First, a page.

Published in CNN Business Perspectives
The US housing market has been hit hard by the pandemic. The visible impact of the lockdown has been clear, with millions of Americans out of work and few doing any shopping, including major purchases like buying a home. There has just been too much uncertainty about the economy and the potential deadly consequences of the coronavirus.
In April, pending home sales reached their lowest mark in nearly two decades. As a result, we expect actual closing activity, which follows contract signings, will have reached a trough in May.
However, as more Americans get back to work, we are starting to see both buyers and sellers returning to the market, creating the beginnings of what we believe is a V-shaped recovery in the housing sector. Over the past several weeks, purchase activity has been 13% higher than it was during the same period a year ago. Listed homes are under contract within about 30 days, indicating a very swift market.
But not everyone who wants to buy a home will be able to participate in this recovery.
REALTORS® across the country are saying there are not enough homes for sale compared to the number of buyers in the marketplace. For first-time homebuyers, the market looks especially tough.
Pent-up housing demand has intensified for several years due to natural population growth. And the low interest rate environment further enlarged the pool of eligible home buyers.
On the supply side, for the past decade or so, homebuilders simply were not building a sufficient number of homes to match the rising housing demand. In my estimation, we were short by 5 to 6 million housing units. That's why home prices have been increasing for so many years.
In the early weeks of the lockdown, the total listings of homes for sale fell significantly, as some listings were pulled off the market because homeowners did not want strangers coming into their homes and some would-be listings that typically show up in spring did not. The housing shortage worsened. That is why, even with buyers taking a pause, home prices continued to rise in March, April and May.
The homeownership rate is naturally higher for those with above median income compared to those with incomes that are below the median (78.8% vs. 51.8%) given their financial resources. Ownership rates are also higher among older households compared to younger ones (over 70% for those aged 45 and over compared to 61.5% for those 35 to 44 and 37.3% for those under 35 years old). But a stark contrast also exists among whites vs. the non-Hispanic population and minority households (nearly 74% for whites, 44% for black households, 48.9% for Hispanics and 59.1% for Asians, Native, Hawaiian and Pacific Islanders). That means that the wealth disparity remains large and will persist at a time of a housing market boom. It is therefore critical to consider measures to boost opportunity or else the howeownership wealth gap will widen even further.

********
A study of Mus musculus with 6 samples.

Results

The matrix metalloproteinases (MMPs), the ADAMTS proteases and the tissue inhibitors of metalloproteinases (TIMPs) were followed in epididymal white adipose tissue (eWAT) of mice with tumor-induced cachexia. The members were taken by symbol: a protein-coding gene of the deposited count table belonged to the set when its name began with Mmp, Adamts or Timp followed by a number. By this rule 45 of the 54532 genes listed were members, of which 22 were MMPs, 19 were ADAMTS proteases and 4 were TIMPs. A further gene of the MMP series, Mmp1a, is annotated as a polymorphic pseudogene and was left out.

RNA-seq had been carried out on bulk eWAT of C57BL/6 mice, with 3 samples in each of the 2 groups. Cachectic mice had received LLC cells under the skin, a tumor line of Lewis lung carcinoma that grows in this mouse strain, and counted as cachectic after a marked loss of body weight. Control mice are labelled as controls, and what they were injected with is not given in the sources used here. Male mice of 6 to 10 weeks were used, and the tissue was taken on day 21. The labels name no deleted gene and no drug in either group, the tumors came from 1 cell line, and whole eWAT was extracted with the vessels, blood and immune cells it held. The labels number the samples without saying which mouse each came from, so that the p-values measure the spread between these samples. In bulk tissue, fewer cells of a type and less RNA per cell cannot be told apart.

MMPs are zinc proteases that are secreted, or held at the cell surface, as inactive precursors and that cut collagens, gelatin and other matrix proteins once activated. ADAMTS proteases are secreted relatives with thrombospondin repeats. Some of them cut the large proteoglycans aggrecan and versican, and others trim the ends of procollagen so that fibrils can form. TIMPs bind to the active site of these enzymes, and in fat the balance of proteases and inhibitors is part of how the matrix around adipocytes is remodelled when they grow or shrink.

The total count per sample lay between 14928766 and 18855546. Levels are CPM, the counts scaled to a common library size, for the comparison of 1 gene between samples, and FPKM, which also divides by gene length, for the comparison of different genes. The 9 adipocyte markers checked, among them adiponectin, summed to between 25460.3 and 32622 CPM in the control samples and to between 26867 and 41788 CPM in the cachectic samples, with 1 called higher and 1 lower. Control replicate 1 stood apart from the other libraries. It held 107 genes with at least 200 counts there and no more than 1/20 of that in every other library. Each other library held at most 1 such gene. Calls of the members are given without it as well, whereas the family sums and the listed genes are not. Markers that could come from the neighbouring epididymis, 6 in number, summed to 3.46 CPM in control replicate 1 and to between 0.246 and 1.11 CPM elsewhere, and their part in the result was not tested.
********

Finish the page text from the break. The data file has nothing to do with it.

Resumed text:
Being able to afford a down payment has consistently been a major hurdle for first-time homebuyers. Our data at NAR shows more family members are assisting with down payments for their children. For those less fortunate to have a wealthy family member, a down payment assistance program or a home buyer tax credit can go a long way to help start up the ladder of ownership and wealth building.
The demand for assistance in itself, however, will not significantly chip away at the gap in ownership and wealth. We also need a huge boost in housing supply, which will relieve the housing shortage and tame the current fast-rising home prices. All barriers to homebuilding, including regulatory burdens — like long and uncertain housing permit approval processes — and zoning laws, need to be seriously reexamined and modified. Based on current conditions, perhaps even offering real estate investors incentives to unload properties onto the market will improve inventory and give more chances at ownership for first-time buyers. A capital gains tax relief for selling investor properties will also certainly help move the dial.
America is an unmatched economic superpower. However, not everyone has participated in the progress. The explicit discrimination of the past and the hidden unconscious biases of today have prevented equal opportunities for minority households. Let's ensure homeownership and the accompanying wealth build-up are open to more Americans.